Celebrating Crystallography

100 years of Crystallography


X-ray crystallography is arguably one of the greatest innovations of the twentieth century, but not that many people know what it is or how it came about.

Join us on an animated journey through the 100 year history of crystallography – from the pioneering work of William and Lawrence Bragg in 1913 to the surface of Mars!

Narrated by structural biologist Stephen Curry and produced by animation company 12foot6, the film explores the extraordinary history of crystallography. To date 28 Nobel Prizes have been awarded to projects related to the field and X-ray crystallography remains the foremost technique in determining the structures of a huge range of complex molecules.

This film was produced in celebration of the Bragg Centenary and was funded by STFC.

For more animated wizardry from 12foot6, check out the Science Club collection.


Materials, Talking Science, Technology


Professor Stephen Curry

12foot6 / Royal Institution

Collections with this video:
The Crystallography Collection

Licence: © Royal Institution

Related Links and Media

  • Max Perutz introduces us to X-ray crystallography.

    Image: Royal Institution

  • William and Lawrence Bragg mentored a 'dream team' of crystallographers.

    Image: Royal Institution

  • Today, the work hasn't stopped...

    Image: Royal Institution

  • Supported by the Science and Technology Facilities Council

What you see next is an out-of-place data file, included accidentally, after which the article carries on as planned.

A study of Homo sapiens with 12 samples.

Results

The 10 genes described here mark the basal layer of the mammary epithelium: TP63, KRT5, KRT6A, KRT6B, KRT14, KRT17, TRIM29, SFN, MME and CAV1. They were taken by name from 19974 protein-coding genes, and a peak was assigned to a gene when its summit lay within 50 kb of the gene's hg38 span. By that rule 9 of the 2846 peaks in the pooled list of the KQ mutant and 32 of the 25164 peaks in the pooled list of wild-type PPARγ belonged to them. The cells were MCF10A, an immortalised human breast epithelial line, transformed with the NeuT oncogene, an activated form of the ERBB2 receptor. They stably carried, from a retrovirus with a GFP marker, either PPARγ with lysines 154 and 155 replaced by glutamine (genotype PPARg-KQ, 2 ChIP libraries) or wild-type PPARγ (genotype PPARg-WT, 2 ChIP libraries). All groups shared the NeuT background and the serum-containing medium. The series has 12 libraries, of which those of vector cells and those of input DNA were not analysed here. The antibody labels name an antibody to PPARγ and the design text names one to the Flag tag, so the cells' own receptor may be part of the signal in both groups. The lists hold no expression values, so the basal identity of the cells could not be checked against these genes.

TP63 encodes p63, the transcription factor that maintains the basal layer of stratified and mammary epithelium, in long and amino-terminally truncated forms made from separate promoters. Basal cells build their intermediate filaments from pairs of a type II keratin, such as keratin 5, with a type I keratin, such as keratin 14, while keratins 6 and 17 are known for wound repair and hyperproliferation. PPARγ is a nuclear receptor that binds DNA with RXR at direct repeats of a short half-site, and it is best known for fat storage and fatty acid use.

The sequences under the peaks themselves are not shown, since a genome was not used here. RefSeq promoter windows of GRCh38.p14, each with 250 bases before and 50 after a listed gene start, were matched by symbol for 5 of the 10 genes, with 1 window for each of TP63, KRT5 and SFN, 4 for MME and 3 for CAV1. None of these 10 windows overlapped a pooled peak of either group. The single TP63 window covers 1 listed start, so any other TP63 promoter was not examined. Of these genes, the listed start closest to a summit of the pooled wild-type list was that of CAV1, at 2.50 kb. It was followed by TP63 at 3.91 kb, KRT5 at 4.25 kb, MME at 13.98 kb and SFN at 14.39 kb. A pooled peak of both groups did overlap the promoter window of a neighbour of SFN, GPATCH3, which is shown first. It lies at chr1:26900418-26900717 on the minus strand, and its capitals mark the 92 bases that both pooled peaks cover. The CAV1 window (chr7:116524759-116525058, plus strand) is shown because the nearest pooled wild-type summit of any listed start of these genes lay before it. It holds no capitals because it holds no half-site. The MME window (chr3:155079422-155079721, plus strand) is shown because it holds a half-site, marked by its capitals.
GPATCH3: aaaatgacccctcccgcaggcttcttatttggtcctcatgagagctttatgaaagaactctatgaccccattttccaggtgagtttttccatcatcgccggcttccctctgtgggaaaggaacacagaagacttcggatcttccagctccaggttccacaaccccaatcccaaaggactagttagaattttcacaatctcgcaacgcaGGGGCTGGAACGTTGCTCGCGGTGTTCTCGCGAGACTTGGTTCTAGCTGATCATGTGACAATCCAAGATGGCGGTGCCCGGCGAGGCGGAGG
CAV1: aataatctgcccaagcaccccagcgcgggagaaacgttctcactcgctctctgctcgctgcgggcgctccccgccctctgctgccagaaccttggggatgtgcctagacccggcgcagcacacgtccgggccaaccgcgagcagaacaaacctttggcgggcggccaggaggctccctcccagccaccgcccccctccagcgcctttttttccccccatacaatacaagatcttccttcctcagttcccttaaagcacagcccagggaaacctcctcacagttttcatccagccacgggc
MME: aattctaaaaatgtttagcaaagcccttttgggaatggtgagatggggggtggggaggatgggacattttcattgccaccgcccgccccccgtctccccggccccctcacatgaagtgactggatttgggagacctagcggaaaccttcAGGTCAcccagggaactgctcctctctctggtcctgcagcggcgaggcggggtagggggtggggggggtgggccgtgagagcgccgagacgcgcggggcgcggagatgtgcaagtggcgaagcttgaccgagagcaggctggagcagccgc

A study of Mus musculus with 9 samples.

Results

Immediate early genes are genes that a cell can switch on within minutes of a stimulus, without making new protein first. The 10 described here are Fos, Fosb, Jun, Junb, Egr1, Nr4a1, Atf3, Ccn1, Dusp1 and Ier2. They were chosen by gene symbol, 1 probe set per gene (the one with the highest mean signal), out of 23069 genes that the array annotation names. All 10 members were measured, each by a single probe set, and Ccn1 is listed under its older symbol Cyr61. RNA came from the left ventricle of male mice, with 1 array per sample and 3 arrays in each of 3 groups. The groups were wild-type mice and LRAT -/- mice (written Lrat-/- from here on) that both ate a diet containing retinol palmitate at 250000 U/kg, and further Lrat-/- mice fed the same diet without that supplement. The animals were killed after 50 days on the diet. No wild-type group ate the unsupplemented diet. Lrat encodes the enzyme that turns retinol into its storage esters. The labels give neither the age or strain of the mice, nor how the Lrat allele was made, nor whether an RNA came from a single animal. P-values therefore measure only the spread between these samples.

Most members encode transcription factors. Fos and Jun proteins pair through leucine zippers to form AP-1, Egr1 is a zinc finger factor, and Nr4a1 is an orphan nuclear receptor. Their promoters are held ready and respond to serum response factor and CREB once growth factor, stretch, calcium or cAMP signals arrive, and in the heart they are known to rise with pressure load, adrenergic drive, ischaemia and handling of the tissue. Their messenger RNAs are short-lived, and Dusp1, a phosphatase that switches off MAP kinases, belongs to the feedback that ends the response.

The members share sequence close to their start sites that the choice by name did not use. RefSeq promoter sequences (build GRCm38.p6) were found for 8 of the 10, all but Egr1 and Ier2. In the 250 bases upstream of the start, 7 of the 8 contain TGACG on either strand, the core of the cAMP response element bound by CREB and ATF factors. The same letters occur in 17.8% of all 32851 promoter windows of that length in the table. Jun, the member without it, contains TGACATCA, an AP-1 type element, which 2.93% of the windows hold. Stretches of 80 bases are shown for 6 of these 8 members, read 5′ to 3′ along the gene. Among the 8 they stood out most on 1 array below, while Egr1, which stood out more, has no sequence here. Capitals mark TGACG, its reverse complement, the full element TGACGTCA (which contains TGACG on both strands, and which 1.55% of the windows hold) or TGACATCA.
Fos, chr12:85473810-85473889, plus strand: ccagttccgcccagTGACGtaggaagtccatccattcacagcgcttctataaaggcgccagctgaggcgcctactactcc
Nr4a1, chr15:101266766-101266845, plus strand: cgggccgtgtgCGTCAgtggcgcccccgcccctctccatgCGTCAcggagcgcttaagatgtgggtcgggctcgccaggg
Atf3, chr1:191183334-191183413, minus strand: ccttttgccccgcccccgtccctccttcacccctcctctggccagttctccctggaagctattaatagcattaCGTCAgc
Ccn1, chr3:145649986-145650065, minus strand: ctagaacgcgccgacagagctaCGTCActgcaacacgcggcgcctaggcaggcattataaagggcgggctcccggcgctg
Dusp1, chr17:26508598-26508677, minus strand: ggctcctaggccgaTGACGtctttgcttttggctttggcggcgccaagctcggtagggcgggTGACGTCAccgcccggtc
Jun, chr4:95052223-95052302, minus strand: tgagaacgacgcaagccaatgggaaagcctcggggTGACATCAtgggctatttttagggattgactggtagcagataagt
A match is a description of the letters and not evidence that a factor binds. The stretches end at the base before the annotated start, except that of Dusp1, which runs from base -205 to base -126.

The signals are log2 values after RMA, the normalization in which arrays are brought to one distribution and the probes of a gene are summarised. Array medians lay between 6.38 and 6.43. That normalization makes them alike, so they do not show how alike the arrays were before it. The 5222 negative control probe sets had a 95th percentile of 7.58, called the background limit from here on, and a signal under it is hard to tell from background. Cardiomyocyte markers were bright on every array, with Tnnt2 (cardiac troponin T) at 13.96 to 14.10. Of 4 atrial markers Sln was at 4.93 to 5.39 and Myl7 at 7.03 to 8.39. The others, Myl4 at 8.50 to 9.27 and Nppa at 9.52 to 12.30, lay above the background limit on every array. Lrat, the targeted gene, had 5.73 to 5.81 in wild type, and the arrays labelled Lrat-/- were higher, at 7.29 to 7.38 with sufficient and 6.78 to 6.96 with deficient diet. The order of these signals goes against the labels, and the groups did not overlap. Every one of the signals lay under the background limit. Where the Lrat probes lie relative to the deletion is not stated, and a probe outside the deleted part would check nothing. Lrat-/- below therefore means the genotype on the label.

Why water boils at 100 degrees and methane at minus 161. Why blood is red and grass is green. Why diamond is hard and wax soft. Why glaciers flow and iron gets hard when you hammer it. The answers to all these problems have come from structural analysis.

That's how the Nobel Prize winner Max Perutz summed up x-ray crystallography. Never heard of it? Don't worry. Not many people have. Yet it's arguably one of the greatest innovations of the 20th century. 28 Nobel prizes have been awarded to projects related to crystallography. And the very first of those is where it all began.

It's now 100 years since, following early work by Max Von Laue, the first structures were determined by father and son team, William and Lawrence Bragg. In 1913, they fired a narrow beam of x-rays at a humble salt crystal and photographed the diffraction pattern as the crystals split the beam into many rays.

Lawrence soon realised that this pattern held the clues to the atomic structure of the crystal itself. The equation he developed, Bragg's law, made it possible to work out how the spots in the diffraction pattern are related to the specific arrangement of atoms in the crystal. Two years on, and the Braggs were awarded the Nobel Prize. Impressive stuff.

Not only that, the Braggs mentored a dream team of crystallographers who went on to work out the structures of a huge range of molecules. From Kathleen Lonsdale, JD Bernal, Dorothy Hodgkin, to David Phillips, John Kendrew, and Max Perutz. Remember him? Plus Rosalind Franklin and others even helped map the structure of DNA, probably the most famous result of x-ray crystallography.

Today, the work hasn't stopped. Crystallography remains the foremost technique for working out the atomic structures of almost anything, which is very useful for finding out why things behave the way they do. From the metallic structure of the blades of a jet turbine to the immune system fighting off viruses. Turns out Max was right.

Modern crystallographers are doing exactly the same thing as the Braggs, just at a larger scale with more sophisticated mathematical methods and more impressive machines. Crystallography is even reaching beyond our planet. The Curiosity Rover is now performing x-ray diffraction analysis of the soil on Mars.

But there's plenty of unfinished business back on Earth. There are still many thousands of complex molecules to look at, and a lot more questions to answer.